WASHINGTON -- The U.S. Supreme Court agreed on Tuesday to consider a case that could effectively make union membership dues optional for public employees. The vast majority of faculty members who are represented by unions are in public higher education, and such a shift could be devastating to the financing of their unions.
Currently the norm for faculty unions is that if they win a vote to represent a bargaining unit, all members of that unit must pay for the costs of collective bargaining in the form of dues. Members of a unit who object to political stances of a union may get a refund for those expenses, but are still required to pay what is known as a “fair share” of union costs that are related to bargaining and representation. That requirement could go away, depending on how the Supreme Court rules.
“If the Supreme Court rules that ‘fair share’ violates the First Amendment rights of public employees, they would transform the entire public sector into right to work, more appropriately named ‘right to freeload,’” said Rudy Fichtenbaum, a professor of economics at Wright State University and national president of the American Association of University Professors, which acts as a union on some of the campuses where it has chapters (but not at others).
The case accepted by the Supreme Court is Friedrichs v. California Teachers Association, which was brought by high school teachers who believe that they should not have to pay the “agency fee” for being represented by a union. They argue that unions engage in activities that inherently are forms of speech, and that employees should not be required to pay the unions anything. Such requirements compel the teachers to support activities with which they disagree and thus violate their First Amendment rights, the teachers say. The legal theory they have put forward has been one that many conservative legal groups have embraced, hoping for a case like this.
Since 1977, when the Supreme Court found that there was a right for unions to charge an agency fee, the legal right to do so has been clear. The new case explicitly asks the Supreme Court to reverse the 1977 ruling.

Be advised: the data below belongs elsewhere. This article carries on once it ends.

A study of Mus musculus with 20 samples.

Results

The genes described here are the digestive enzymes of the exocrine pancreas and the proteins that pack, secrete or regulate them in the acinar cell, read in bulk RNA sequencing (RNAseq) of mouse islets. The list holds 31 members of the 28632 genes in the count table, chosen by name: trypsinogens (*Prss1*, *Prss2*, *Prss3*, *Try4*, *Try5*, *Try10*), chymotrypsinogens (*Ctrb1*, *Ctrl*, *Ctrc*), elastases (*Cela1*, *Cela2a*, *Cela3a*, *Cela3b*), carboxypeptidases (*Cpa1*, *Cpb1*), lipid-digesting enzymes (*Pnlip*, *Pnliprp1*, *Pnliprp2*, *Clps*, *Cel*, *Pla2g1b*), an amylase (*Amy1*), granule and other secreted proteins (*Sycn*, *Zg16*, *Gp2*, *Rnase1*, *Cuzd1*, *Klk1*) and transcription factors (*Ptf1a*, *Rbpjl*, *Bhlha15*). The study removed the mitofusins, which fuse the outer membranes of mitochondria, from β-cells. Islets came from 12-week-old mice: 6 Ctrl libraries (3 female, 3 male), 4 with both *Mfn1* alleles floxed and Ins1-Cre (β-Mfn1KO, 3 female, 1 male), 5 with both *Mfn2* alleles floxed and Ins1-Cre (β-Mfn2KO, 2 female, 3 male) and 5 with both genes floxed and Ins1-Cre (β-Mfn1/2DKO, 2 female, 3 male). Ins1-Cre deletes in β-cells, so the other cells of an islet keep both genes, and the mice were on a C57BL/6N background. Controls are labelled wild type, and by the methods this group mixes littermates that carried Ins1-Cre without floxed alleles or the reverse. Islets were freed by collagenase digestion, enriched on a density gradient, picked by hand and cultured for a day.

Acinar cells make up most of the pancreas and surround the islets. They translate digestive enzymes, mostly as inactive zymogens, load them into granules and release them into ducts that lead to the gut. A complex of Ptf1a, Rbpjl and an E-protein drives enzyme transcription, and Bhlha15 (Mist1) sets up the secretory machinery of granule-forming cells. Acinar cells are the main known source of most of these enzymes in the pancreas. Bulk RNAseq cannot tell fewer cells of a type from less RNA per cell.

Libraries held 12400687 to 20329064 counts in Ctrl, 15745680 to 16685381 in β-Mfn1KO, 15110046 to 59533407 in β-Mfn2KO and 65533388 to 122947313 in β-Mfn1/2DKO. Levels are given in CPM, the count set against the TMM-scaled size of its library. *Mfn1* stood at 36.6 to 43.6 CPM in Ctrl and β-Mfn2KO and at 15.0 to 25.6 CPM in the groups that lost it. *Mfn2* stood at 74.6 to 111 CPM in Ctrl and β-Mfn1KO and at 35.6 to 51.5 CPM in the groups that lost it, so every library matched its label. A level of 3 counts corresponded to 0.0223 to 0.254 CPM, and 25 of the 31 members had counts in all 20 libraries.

While union leaders believe that they provide valuable services for their members and win them better contracts, many predict that some unknown but potentially significant number of union members would simply opt not to pay any membership dues. Federal labor law requires the unions to represent the interests of all employees in a bargaining unit, so a union would remain bound to, for example, handle a grievance of or provide advice to a faculty member who paid nothing.
Dues vary from campus to campus and union to union. Fichtenbaum said that most AAUP collective bargaining dues are from 0.7 to 1.2 percent of salary.
Frederick E. Kowal, president of United University Professions, the faculty union at the State University of New York, said that dues there are about 1 percent of salary. His union is affiliated with both the American Federation of Teachers and the National Education Association.
He said the lawsuit was “an insidious way to bankrupt unions.”
Union supporters note that the organizations are elected to represent employees, and that employees have the right in elections to vote out the leaders if they don't like the way the union is being run and can even vote to end collective bargaining. So they argue that there are many options for those who may disagree with a union's position or strategy.
William A. Herbert, executive director of the National Center for the Study of Collective Bargaining in Higher Education and the Professions at Hunter College of the City University of New York, said he saw the case as extremely significant for faculty unions. But he stressed that many unions have strong ties to members and with additional outreach could encourage many members to continue to pay dues. This shift “could rekindle internal organizing,” he said.